Lawrence Toppman

Tom Cruise shines in ‘Jack Reacher’ sequel. Otherwise, it’s horrible.

Jack Reacher (Tom Cruise, left) explains to small-town cops (Jason Douglas and Judd Lormand) why he has the upper hand in “Jack Reacher: Never Go Back.”
Jack Reacher (Tom Cruise, left) explains to small-town cops (Jason Douglas and Judd Lormand) why he has the upper hand in “Jack Reacher: Never Go Back.” PARAMOUNT PICTURES

You cannot always judge movies by their titles, but you sometimes get good advice. The sequel “Jack Reacher: Never Go Back,” supplies its own five-word review.

I didn’t see the first, nor did I get caught up in arguments over whether Tom Cruise should play the hero of Lee Child’s novels. To me, Cruise is the best thing about the follow-up to the 2012 “Jack Reacher:” laconic, world-weary, credible in Edward Zwick’s clumsy action sequences.

But director Zwick, who wrote the script with Richard Wenk and Marshall Herskovitz, gives Cruise nothing interesting to do. The plot comes from a conspiracy-movie template; profanity-laced dialogue sounds as if parodists hacked the screenplay; characters have no compelling personality traits or back stories; the violence, savage if mostly bloodless, grows dull and inexplicably earned a PG-13 rating.

A military supplier paid to bring surplus U.S. weapons back from Afghanistan sells them instead to local warlords. Bad guys whack two soldiers to protect an even darker secret and get a suspicious major (Cobie Smulders) jailed on a false espionage charge.

Luckily, military prisons are as easy to slip out of as fast-food restaurants at lunchtime, so Reacher frees her and sets about to collect exonerating evidence. He’s aided by a 15-year-old thief (Danika Yarosh), whose mother claims Reacher is her dad.

Reacher is virtually omniscient, impervious to pain, as fast-healing as Wolverine and capable of killing people with anything from a pistol to a salt shaker. But he’s smart mostly because someone behaves stupidly in every scene: Leaving keys in a military police car, putting a cash-choked wallet within his reach and walking away, jeering at him instead of shooting him when he’s unarmed.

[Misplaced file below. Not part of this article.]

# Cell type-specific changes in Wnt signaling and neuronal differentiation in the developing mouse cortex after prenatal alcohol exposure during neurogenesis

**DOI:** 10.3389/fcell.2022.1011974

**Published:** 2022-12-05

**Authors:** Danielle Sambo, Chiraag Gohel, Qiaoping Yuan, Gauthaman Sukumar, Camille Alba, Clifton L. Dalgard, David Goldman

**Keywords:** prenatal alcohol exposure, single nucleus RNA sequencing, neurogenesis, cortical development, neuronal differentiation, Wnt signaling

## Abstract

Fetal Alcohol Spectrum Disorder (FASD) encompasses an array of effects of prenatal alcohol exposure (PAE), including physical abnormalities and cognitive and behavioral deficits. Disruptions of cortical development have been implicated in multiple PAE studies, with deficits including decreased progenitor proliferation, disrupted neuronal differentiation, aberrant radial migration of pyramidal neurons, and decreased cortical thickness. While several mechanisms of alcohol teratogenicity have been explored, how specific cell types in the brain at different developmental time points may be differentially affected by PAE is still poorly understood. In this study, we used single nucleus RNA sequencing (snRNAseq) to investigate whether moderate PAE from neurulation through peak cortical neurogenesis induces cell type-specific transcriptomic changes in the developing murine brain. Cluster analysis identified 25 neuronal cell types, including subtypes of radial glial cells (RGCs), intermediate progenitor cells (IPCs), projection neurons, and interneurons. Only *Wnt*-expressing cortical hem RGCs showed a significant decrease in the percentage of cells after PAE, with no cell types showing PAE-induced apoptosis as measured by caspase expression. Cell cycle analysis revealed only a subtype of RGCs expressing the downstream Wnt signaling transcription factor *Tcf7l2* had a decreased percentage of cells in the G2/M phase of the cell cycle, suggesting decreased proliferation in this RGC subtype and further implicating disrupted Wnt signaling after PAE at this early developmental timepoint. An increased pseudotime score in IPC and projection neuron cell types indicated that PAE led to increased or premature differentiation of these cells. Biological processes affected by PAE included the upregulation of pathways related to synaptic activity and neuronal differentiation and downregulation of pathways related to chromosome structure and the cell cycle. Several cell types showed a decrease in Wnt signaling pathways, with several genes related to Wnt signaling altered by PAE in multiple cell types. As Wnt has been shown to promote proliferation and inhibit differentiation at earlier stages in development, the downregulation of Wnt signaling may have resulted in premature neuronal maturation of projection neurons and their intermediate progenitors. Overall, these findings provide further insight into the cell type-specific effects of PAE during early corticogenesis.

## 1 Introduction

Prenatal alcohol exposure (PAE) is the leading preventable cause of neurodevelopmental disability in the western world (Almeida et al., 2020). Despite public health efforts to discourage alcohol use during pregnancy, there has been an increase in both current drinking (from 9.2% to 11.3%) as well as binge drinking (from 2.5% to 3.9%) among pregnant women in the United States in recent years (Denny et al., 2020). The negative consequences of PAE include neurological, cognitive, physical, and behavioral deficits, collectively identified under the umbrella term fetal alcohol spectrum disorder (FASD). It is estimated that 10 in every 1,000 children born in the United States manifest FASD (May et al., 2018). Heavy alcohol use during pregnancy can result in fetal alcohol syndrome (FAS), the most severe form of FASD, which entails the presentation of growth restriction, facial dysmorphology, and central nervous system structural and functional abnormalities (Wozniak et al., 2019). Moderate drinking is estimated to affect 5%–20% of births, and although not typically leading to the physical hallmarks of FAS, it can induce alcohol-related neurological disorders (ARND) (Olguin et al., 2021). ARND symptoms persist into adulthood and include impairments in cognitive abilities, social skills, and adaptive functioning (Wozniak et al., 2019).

And the dialogue! An assassin who captures the thief taunts, “I’m gonna have some fun with your pretty little girl. I’ve found a way to hurt you like you’ve never hurt before!” I jotted down other choice lines, but I was laughing so hard I can’t read my notes.

Even the casting consists entirely of clichés: the chief conspirator with the sneeringly smug grin, a belly-thrusting small-town sheriff who smells of corruption, the lean and wolflike gunman known as The Hunter. (He gets one of those silly monologues where he insists he and Reacher are alike.)

All of them are white men, of course. The heroes, other than Cruise, are a couple of women – one of whom we see in her underwear, because soldiers can be hot chicks, too – a resourceful teen girl and a black captain (Aldis Hodge) who realizes he needs to help them.

Zwick, who directed the groundbreaking “Glory” 27 years ago, wants to redress Hollywood’s long-standing racism and sexism. But a picture this foolish drags everyone down, regardless of gender or color.

Toppman: 704-358-5232

‘Jack Reacher: Never Go Back’

1/2

Cast: Tom Cruise, Cobie Smulders, Danika Yarosh, Aldis Hodge.

Director: Ed Zwick.

Length: 118 minutes.

Rating: PG-13 (sequences of violence and action, some bloody images, language and thematic elements).